She sits beside me, quieter than before, rocking steadily in her chair
Her right index finger slowly moving across her chin, as if to confirm her reality.
Her once bright eyes, clouded by the ravages of time, look outward
Her mind looks inward, untethered and tempest tossed
Trying to untangle the threads of memories from fabulations
That play out unbidden in the theater of her mind.
It ought to be as easy as untangling the skeins of yarn in her knitting bag.
The two of us have done this before, working together.
I soon realize that these snarls cannot be untangled,
Cannot be knitted into new shawls of memory she can warm herself with.
Her angelic voice, still pure and true, soars to find the high notes
This gift of hers has not eroded as her body and mind have.
She knows her birthday but not her children.
She knows her social security number and rattles it off without hesitation
But her grandchildren's names elude her, though she is happy to see them
When she does remember them, it is of frozen images of eight, ten, twelve years ago.
Though sitting beside me in the living room, she is not here.
She wanders through time and space, confused and frustrated.
Waking in the night, she calls my father's name, panicked that he is not beside her
Stolen from her after sixty-two years.
Sometimes she calls for her mother, gone from us long ago.
I awaken when I hear her, tell her she's with me and not to be afraid
“Where's Ed?” she asks. “Business trip,” I say.
This calms her and she returns to sleep.
I stay awake and listen until her breathing deepens.
I know that I am her security and struggle against the immense responsibility
That rests on my shoulders
I do not immediately fall back asleep,
My mind remembers that which she cannot: things past, those loved, those lost.
I glance at the clock, eyes blurry, then burrow under my quilt.
I miss my Dad.
I ask the spirits of the night for patience and understanding, to quell my fears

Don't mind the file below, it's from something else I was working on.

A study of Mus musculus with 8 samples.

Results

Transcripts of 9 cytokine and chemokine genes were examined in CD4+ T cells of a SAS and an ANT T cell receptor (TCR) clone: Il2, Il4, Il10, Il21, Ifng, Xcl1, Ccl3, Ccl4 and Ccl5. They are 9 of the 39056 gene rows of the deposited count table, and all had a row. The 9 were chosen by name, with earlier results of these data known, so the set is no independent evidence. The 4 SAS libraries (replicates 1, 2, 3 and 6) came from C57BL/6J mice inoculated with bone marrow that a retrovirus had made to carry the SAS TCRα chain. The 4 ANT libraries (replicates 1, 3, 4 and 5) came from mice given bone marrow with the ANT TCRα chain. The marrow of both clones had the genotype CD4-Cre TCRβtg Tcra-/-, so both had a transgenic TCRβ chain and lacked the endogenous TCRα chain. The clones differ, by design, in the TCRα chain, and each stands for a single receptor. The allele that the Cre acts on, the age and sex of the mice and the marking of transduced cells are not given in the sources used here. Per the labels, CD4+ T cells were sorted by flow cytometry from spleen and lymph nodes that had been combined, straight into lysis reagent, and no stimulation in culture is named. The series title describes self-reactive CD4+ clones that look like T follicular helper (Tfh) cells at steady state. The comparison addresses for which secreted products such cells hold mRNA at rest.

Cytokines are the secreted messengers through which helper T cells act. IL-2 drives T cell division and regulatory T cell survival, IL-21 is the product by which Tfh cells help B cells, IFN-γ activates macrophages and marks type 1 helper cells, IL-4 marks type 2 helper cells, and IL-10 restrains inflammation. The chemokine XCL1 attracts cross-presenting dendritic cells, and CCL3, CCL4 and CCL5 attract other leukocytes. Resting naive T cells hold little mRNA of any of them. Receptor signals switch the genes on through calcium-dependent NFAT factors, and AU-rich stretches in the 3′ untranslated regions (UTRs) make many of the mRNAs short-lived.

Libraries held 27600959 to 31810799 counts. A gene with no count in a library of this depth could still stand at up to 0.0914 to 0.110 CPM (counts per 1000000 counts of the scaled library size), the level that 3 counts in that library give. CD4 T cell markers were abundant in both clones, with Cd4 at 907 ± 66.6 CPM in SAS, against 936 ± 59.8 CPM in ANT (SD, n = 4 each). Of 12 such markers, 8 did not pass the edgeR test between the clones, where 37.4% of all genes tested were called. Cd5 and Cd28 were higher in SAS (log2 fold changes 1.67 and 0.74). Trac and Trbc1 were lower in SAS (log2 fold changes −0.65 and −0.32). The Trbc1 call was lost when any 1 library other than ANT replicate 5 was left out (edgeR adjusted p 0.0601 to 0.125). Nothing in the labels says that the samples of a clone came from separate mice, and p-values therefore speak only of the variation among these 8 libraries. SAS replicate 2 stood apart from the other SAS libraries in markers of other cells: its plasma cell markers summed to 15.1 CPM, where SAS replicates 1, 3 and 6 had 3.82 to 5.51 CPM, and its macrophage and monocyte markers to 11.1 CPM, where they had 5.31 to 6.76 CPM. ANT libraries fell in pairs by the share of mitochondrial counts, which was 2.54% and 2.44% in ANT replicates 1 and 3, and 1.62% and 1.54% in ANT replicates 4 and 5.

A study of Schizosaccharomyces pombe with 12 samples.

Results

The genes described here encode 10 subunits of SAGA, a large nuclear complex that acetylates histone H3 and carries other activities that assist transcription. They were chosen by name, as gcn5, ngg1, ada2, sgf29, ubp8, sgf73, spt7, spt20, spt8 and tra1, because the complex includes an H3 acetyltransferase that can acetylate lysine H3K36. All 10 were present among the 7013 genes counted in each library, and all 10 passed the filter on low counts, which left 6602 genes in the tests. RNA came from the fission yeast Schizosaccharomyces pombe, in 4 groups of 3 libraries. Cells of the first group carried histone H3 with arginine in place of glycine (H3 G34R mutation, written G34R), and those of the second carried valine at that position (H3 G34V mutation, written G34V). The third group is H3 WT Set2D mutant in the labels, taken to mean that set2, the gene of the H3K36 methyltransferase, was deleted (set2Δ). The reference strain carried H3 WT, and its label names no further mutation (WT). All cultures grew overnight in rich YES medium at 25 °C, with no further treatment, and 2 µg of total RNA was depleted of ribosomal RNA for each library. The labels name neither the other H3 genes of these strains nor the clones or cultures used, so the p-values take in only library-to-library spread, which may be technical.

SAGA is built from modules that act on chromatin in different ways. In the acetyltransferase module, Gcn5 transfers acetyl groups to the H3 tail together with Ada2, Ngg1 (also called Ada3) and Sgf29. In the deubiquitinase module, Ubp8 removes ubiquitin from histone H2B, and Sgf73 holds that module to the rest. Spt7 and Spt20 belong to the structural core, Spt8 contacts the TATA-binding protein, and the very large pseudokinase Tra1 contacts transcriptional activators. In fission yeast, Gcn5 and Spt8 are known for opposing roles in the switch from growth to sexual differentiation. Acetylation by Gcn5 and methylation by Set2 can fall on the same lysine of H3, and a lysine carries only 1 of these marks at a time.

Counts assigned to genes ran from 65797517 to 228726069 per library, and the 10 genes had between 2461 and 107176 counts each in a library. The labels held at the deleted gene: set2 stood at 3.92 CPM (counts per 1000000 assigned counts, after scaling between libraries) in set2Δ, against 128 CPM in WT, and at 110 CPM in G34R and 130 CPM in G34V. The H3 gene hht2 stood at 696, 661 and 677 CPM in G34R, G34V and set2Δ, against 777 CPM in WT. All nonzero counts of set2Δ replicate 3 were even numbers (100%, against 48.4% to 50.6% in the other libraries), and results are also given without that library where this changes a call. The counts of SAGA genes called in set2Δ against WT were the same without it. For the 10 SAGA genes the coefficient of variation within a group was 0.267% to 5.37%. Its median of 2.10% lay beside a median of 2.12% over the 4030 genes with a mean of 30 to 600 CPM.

I toss as I try to submerge myself in the warmth of my abandoned dream
To no avail. I am awake and annoyed.
As night gives way to day, she calls to me and waits like an obedient child.
She is cheerful when she greets me. I am not.
I hate myself for my sour mood but I choose her clothes and dress her
I bring her to the kitchen and make her breakfast, hoping coffee will improve my mood.
On days like this, when I am impatient, I wonder how I can be so unkind.
She is so fragile and lonely.
I feel them watching me, her parents and my Dad.
I sometimes imagine them shaking their heads, looking at her and me with deep sadness.
On those days, I cry.
On other days, I make her laugh and feel loved.
I try to make it up to her, grateful she does not remember my harsh words
Sad she will not remember my kindnesses.
She thanks me for even the smallest things, so unlike the mother I knew
She cries from time to time, missing the only man she has ever loved.
I tell her I miss him, too. I try to calm her and ease her pain but I am hurting, too
I don't want to be the strong one when my own grief is so raw.
For her sake I hold my sorrow on a tight leash.
Over and over, I reassure her of the same things, my new catechism:
There was nothing you could have done to save him and he is at peace
He will always be with us
His love for her was steadfast and will sustain her.
I will take care of her from now on.
She is comforted even as we weep together.
She is grateful and says she doesn't know what she would do without me.
My guilt threatens to choke me and I know I don't deserve her praise
But we will play this scene again, over and over again
As we have since his death,
Through the many days and long lonely nights
Until he comes again to take her home.
Kathleen Chamberlin is a retired educator living in Albany, New York with her husband and two rescue dogs. Her poems have appeared in Lothlorien Poetry Journal, Open Door Magazine, The World of Myth magazine and the anthologies the book of black and Breath of Love.